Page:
Filed legislation aims to slash prescription drug costs by comparing to international prices

by | Jan 8, 2024

Legislation filed by Rep. Randy Fine seeks to reduce prescription drug costs by comparing them with international prices and setting lower price limits for pharmacies and insurers.

Rep. Randy Fine filed legislation on Saturday aimed at reducing prescription drug costs by comparing them with the international market.

Under the measure, prescription drug manufacturers operating in Florida would be required to annually report the prices of their drugs as sold in various selected countries, chosen based on their economic similarity to the United States, specifically those with a real gross domestic product per capita at least 40 percent of that of the U.S., and excluding those with single-payer health systems.

Once the price data is collected, it will be analyzed by a contracted entity to establish reference prices for each drug. This process involves adjusting the prices based on factors like the volume of sales and the economic disparities of the countries in question. The lowest of these adjusted prices will be set as the reference price in Florida.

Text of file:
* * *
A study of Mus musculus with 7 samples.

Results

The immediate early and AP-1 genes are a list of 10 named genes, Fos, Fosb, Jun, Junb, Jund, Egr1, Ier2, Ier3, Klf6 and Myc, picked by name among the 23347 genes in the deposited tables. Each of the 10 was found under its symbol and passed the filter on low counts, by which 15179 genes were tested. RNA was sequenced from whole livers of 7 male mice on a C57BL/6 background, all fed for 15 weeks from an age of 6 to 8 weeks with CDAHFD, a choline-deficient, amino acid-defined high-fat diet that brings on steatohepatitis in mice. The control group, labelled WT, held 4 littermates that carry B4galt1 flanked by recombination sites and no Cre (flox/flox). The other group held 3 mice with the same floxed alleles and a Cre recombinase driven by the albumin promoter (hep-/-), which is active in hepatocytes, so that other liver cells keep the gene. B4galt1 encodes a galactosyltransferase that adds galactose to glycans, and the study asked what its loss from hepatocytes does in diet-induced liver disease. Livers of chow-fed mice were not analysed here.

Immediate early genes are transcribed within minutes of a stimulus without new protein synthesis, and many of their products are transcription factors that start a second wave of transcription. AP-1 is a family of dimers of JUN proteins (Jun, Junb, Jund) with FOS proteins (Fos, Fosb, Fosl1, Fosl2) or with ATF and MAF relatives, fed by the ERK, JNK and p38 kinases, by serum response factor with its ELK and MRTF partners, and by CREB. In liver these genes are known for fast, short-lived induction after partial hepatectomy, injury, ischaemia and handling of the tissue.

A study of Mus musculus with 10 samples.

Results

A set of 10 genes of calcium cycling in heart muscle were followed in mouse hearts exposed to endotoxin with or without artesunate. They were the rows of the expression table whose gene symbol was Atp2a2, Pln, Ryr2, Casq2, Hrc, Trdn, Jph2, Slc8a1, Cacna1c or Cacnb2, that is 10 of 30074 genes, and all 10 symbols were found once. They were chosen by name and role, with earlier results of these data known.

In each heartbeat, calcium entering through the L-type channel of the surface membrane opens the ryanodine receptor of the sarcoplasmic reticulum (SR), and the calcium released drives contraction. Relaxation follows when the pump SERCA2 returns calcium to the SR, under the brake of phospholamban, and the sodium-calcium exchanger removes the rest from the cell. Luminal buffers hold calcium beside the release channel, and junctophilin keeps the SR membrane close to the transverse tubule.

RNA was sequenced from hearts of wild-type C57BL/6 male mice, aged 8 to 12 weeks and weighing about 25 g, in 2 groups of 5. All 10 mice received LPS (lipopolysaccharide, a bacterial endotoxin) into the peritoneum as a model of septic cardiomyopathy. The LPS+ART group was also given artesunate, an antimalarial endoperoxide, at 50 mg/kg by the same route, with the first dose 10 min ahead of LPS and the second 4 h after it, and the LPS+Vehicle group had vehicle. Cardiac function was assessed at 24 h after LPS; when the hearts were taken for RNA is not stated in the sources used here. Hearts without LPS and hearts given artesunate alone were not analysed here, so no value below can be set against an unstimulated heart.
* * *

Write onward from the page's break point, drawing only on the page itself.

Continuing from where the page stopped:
The aim is to determine the lowest adjusted international price, which will then be used as the reference price in Florida.

“It is the policy of the state that patients and third party payers in the state should not pay more for prescription drugs than those in international markets,” reads Fine’s bill.

Moreover, pharmacies would be required to sell prescription drugs to cash-paying customers at no more than the reference price, potentially leading to significant reductions in out-of-pocket costs for many Floridians. Health insurers would also face changes: they must reimburse prescription drugs at rates not exceeding these reference prices, with the expected outcome of reducing insurance premiums and lowering costs for policyholders.

Sen. Joe Gruters filed the nearly identical Senate companion bill on Friday.